ST. BONAVENTURE, NY – People are more alike than they are different.
And that is the point Neil Johnson, president and CEO of Special Olympics New York, made at the conclusion of last week’s Project Unify basketball competition which took place on campus April 27.
The day began early in the City of Olean, with a local leg of the Law Enforcement Torch Run that opens Special Olympics events across the country. For the third straight year, the Olean leg commemorated the loss of State Trooper Ross M. Riley, who died in 2013 during a New York State Police rescue training exercise at Letchworth State Park. Riley had served 17 years with the state police and was a Marine Corps veteran of the Persian Gulf War.
After a group photo was taken and before the runners took off from the intersection of routes 16 and 417, between City Hall and Lincoln Park, Erica Raepple, director of development at Special Olympics New York, told them, “This run has quadrupled in size since we began doing it here. It’s a direct result of everyone here’s dedication and I can’t thank you all enough for coming out and supporting this life-changing cause.”
Runners included members of the state police and the Olean and Allegany municipal police departments, select athletes from the competing schools, members of the SBU cross-country team and volunteers. Around 9 a.m., police closed off West State Street and escorted the runners who took turns carrying the Flame of Hope from Olean City Hall to the opening ceremony on the Bob Lanier Court in SBU’s Reilly Center.
Waiting for the runners was a group of 200 athletes as well as cheerleading squads and mascots from Olean, Allegany-Limestone, Portville and Franklinville school districts, along with dozens of volunteers from the university. After the opening ceremony, blended teams of students with and without intellectual disabilities from grades four through 10 played basketball throughout the day in the Reilly Center, the Richter Center and Butler Gym.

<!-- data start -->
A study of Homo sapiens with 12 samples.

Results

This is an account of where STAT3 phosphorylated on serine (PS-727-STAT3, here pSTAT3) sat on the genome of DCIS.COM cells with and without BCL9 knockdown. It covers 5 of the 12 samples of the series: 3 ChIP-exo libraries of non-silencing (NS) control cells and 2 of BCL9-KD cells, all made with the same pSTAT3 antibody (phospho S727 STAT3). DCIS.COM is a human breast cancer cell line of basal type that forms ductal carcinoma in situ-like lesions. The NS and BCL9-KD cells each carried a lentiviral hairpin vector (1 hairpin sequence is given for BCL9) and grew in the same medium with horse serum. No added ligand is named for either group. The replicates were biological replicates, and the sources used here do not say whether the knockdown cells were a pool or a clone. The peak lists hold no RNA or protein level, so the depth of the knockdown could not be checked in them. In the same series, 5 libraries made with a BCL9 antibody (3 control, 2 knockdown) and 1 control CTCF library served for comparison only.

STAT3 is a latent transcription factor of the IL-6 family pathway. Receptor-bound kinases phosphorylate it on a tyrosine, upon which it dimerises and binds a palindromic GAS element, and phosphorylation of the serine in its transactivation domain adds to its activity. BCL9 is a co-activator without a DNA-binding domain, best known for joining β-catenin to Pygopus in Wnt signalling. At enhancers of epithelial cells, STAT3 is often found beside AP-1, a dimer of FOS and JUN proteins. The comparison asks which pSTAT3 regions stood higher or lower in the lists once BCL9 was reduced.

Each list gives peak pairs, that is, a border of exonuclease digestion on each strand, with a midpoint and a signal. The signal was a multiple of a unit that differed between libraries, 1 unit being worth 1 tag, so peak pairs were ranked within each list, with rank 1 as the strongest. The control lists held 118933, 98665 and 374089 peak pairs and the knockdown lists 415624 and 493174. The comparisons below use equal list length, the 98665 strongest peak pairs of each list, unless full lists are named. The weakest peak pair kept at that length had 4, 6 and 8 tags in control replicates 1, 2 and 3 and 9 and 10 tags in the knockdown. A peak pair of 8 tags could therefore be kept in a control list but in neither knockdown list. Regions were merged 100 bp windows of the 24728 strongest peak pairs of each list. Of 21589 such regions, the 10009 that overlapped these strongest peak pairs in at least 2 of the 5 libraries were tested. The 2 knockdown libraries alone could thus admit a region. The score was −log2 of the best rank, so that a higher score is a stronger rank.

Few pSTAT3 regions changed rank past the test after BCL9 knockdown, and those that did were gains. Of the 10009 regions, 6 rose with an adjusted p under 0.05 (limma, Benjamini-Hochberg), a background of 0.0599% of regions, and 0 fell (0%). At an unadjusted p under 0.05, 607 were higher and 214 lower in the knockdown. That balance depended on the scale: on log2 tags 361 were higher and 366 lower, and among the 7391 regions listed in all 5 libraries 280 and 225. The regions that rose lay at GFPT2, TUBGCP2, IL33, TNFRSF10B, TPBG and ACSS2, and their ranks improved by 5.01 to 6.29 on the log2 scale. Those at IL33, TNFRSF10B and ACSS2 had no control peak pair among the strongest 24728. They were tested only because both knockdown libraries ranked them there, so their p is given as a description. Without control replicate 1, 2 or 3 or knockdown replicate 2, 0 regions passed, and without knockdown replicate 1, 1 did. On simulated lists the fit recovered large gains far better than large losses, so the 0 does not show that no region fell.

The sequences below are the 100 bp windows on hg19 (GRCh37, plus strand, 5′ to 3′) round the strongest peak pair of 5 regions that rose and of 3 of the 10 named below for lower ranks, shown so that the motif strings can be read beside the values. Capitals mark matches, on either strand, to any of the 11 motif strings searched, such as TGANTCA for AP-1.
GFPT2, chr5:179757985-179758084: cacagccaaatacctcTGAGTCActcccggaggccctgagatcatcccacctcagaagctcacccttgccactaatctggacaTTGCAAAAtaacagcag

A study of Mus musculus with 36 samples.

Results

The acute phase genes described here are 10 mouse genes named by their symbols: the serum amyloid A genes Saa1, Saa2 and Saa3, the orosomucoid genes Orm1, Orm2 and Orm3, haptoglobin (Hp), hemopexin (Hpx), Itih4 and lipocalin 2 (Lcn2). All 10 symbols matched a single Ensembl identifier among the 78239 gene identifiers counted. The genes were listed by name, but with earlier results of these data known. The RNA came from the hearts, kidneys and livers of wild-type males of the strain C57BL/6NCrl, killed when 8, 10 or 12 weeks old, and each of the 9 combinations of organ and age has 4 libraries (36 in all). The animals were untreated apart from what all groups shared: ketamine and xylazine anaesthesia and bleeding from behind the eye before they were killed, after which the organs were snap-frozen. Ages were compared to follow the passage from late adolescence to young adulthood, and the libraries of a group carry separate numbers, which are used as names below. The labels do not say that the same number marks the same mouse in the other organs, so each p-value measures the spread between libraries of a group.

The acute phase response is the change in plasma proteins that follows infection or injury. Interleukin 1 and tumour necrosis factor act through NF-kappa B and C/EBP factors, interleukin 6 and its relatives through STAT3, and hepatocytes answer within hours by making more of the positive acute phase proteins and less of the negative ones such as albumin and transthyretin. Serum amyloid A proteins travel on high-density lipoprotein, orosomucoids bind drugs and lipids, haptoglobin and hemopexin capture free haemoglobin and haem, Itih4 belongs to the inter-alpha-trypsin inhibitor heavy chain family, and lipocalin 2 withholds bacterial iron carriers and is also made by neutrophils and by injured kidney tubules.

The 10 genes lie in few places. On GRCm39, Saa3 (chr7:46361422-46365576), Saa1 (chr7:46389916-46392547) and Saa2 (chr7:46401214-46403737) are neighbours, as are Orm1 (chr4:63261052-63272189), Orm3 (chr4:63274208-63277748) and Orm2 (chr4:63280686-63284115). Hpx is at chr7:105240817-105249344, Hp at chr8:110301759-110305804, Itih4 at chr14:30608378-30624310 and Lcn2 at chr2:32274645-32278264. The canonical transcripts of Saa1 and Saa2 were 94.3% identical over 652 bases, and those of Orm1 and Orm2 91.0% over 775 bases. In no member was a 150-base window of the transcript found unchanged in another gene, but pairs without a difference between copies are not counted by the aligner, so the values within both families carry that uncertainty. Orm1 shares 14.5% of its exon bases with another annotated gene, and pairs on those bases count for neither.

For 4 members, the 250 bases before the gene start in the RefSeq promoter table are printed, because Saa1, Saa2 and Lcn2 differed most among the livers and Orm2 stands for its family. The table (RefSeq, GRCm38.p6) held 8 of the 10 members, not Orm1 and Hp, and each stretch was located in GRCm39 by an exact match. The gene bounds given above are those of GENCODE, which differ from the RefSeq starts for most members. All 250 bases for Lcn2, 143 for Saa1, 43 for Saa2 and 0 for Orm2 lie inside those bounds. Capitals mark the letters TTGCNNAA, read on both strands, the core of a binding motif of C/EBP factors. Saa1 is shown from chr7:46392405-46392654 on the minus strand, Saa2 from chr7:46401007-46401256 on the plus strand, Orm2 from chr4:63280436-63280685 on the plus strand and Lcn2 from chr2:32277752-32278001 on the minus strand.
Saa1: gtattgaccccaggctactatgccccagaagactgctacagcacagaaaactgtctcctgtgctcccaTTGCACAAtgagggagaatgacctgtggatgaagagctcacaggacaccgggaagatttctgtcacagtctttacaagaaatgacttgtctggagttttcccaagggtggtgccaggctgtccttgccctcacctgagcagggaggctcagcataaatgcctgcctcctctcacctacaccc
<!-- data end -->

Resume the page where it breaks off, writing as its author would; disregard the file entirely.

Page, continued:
During closing ceremonies in the Reilly Center, Johnson told those gathered that “unified events like this help us realize that we’re more alike than we are different.”
As the Reilly Center emptied, Johnson addressed the University Forum class of Dr. Paula Scraba, associate professor of physical education, which had played a large part in organizing and facilitating the event.
Only decades ago, students with intellectual disabilities used to be isolated and in educational institutions they still face an 80 percent higher chance of being bullied than other students do, Johnson said. Project Unify brings students with and without intellectual disabilities together to compete athletically while building special relationships.
“You may not have seen it because you were all so busy, but you just made a lot of kids incredibly happy. They don’t get that often enough,” he concluded.